Your rooftop may seem like a quiet place during the winter months, but think again. Inclement weather means you or your facility manager might be tasked with the tedious job of snow removal. Working on a rooftop is precarious enough when the roof is clear, but when it’s blanketed with snow it becomes exponentially more risky. And if it’s a heavy load of snow, you’ll want to get that weight removed before it has time to do any damage to the integrity of your roof. Whether your workers are using shovels, snow rakes, or snow blowers, make sure you have your rooftop fall protection systems in place before you send them out there (and, ideally, before the first storm hits). One of the easiest ways to do this is with a guardrail fall protection system. Installing things as simple as a safety railing can take the worry out of the slips and trips that can occur, no matter what time of year it is.
What’s so dangerous about snow on the roof?
Well, a few things actually:
Slippery, Snowy Roof Conditions
Snow itself can be slippery, and if it’s deep enough, cumbersome to navigate through with a sure foot. Ice, obviously, is even more tricky—and there’s often a layer of ice beneath the snow that you can’t see. This makes snow removal a tricky prospect no matter what height your working on, but on the rooftop, it’s flat-out dangerous. Add in a sloped roof, and you’ve just upped the ante. If a worker slips, it can send them right to the leading edge. Preventing accidents like this is just a matter of installing the right guardrail fall protection, and if the circumstances call for it, OSHA-compliant personal fall protection. Putting a safety railing around the leading edge is a smart way to take the risk out of any and all routine maintenance tasks, but especially helpful when it comes to snow removal. If your roof is sloped, has multiple heights, or areas that need clearing beyond a guard rail, you might want to consider adding a safety life line into the mix.
Extra Weight from Snow Load
Snow can accumulate quickly, but depth is actually less important than weight. Snow that contains a high moisture content is a lot heavier and poses more challenges. While dry, fluffy snow weighs around seven pounds per cubic foot, dense, wet snow can weigh as much as twenty pounds or more. This not only makes it more difficult for your workers to remove the snow, it runs the risk of structural damage—even a roof collapse. On top of ensuring you have the right roof fall protection systems in place, you’ll want to makes sure your roof meets minimum snow load requirements. Any defects or weaknesses should be addressed before the snowy season sets in.
Often, the only way for workers to get onto a building’s roof is by climbing a fixed ladder that’s attached to the building. Snow and ice buildup can make this type of roof access dicey. OSHA requires that a ladder cage, well, or other ladder safety device is installed on any fixed ladder that is more than 20 feet in height. Cages and wells must be of rigid construction, and capable of handling a worker’s weight if they fall into it without failing. In addition, a safety life line or other personal fall protection device should be used.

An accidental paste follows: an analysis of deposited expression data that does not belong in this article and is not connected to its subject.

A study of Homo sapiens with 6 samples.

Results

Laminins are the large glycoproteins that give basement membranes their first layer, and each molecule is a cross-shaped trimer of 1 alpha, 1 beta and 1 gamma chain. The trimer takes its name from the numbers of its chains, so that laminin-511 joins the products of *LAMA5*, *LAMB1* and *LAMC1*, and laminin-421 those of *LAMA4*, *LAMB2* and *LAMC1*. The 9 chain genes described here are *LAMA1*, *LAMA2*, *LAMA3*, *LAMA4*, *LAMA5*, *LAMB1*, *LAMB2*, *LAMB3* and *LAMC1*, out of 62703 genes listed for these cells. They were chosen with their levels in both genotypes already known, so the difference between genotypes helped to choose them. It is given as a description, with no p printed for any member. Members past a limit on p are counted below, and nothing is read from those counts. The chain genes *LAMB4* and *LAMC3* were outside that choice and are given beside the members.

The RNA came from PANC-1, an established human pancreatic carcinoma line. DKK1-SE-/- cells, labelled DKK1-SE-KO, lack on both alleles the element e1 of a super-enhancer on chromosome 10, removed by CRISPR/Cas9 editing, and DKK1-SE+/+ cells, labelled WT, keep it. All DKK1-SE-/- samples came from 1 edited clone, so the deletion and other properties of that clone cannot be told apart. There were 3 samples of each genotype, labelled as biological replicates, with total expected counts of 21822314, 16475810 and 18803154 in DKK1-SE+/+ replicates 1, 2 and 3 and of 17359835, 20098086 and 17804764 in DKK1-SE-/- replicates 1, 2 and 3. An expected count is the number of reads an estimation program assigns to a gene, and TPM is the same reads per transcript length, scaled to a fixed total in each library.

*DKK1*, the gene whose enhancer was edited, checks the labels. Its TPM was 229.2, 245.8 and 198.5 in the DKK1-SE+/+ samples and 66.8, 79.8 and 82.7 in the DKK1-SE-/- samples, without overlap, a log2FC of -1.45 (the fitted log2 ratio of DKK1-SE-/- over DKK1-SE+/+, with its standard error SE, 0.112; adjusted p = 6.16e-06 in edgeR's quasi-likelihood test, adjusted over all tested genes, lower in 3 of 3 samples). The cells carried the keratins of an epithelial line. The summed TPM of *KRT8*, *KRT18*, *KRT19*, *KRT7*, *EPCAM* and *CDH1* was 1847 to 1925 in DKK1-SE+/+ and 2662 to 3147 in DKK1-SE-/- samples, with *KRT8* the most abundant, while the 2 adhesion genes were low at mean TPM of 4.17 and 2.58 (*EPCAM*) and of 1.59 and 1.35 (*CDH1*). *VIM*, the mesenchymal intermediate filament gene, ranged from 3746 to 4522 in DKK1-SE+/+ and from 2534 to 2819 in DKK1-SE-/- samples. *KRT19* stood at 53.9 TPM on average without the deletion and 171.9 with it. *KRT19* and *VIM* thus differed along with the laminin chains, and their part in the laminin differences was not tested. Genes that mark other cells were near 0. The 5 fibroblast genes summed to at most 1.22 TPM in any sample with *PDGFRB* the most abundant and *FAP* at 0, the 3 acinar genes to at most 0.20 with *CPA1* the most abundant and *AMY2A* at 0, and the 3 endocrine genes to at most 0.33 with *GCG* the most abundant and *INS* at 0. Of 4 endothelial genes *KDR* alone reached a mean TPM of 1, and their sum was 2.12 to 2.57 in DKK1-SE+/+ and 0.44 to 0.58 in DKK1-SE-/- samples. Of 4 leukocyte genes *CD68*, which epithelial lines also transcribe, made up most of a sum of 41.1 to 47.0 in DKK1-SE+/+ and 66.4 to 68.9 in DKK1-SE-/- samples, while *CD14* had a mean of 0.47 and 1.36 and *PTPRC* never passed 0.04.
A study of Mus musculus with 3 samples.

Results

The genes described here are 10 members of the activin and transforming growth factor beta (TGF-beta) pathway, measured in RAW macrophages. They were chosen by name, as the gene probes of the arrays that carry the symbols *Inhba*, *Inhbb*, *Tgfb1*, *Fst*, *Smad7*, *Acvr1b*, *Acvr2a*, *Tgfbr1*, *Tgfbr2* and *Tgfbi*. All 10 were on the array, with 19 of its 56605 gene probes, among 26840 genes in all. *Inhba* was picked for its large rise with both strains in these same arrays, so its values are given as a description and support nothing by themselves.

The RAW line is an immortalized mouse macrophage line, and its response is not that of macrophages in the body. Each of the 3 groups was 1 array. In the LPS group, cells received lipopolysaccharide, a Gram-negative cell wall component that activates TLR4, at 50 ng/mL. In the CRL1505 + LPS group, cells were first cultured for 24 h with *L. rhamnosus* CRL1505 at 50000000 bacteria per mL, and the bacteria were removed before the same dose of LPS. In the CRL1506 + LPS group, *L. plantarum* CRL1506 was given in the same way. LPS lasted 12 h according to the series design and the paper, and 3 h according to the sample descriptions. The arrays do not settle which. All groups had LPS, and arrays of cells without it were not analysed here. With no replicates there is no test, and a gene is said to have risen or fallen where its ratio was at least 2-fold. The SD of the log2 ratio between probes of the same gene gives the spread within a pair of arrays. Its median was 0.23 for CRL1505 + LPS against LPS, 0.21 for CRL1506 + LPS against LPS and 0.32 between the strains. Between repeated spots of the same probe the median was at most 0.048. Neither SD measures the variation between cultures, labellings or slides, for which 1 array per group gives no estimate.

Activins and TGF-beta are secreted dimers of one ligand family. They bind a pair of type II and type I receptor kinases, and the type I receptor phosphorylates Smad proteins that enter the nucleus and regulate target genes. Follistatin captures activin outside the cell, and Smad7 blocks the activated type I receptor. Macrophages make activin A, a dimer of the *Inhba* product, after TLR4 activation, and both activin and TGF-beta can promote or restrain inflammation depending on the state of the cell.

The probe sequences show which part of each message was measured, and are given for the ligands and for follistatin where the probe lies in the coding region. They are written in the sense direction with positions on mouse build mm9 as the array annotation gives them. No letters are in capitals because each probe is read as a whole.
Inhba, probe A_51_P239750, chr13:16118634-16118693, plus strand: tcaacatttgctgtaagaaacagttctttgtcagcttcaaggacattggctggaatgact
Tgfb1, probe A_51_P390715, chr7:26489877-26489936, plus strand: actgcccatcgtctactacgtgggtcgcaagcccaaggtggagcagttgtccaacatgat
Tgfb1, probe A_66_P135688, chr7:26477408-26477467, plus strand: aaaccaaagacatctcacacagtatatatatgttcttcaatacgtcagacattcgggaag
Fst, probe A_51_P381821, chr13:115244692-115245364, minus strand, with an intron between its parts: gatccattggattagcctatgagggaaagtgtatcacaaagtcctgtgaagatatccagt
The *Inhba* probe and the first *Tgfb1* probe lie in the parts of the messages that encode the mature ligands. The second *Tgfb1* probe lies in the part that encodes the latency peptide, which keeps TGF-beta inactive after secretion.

Hidden Fall Hazards
Snow accumulation and drifts can obscure fall hazards such as skylights, rooftop entries, and other openings in the roof. When heavy snow loads are present and a worker accidentally steps on one of these weak points, they could fall through the opening, causing both injury to your worker and damage to your building. Guardrail fall protection is essential in this situation to prevent workers and their equipment from setting foot onto these areas. Additional warnings such as signs and warning flags are also a good idea to further protect workers from these difficult-to-see spots.
Snow Removal Equipment
The first hazard with snow removal equipment is actually transporting it to the roof, which of course should be done in the safest way possible. In addition, workers must be trained to safely use the equipment. These machines can cause injuries if they’re not used in a safe manner. For example, attempting to clear a clog in a snowblower while it’s still running is a recipe for disaster. In addition, the weight of a snowblower can cause a worker to slide off a rooftop if a guardrail fall protection device is not in place. A safety life line for both the worker and their equipment is a great way to prevent either from falling off the side of the roof.
Low Visibility & Temps
A sudden snow squall or burst of wind can reduce visibility, making it difficult for workers to see. What’s more, frigid temperatures can impair a person’s ability to properly move. In either case, a worker can end up in a threatening situation if they’re not careful. While it’s best to delay snow removal until the inclement weather passes, sometimes you can’t. This makes having rooftop fall protection systems in place all the more important.
Winter is Inevitable, Falls Don’t Have to Be
Before the depths of winter take hold, every industrial building owner and manager should develop a sound snow removal plan. This plan should include inspecting the rooftop and repairing any weak points. It should also include inspecting the rooftop fall protection systems currently in place, upgrading or replacing old ones, and installing new safety railing if necessary. Workers should also be trained on how to safely remove snow and how to use all of the rooftop fall protection devices at their disposal.
Since we can’t stop winter from coming, the only way to manage it is to be fully prepared. And that begins with the right roof fall protection devices. Need help finding OSHA-compliant rooftop safety for your industrial roof? Give us a call. We’re rooftop safety experts. Now good luck out there!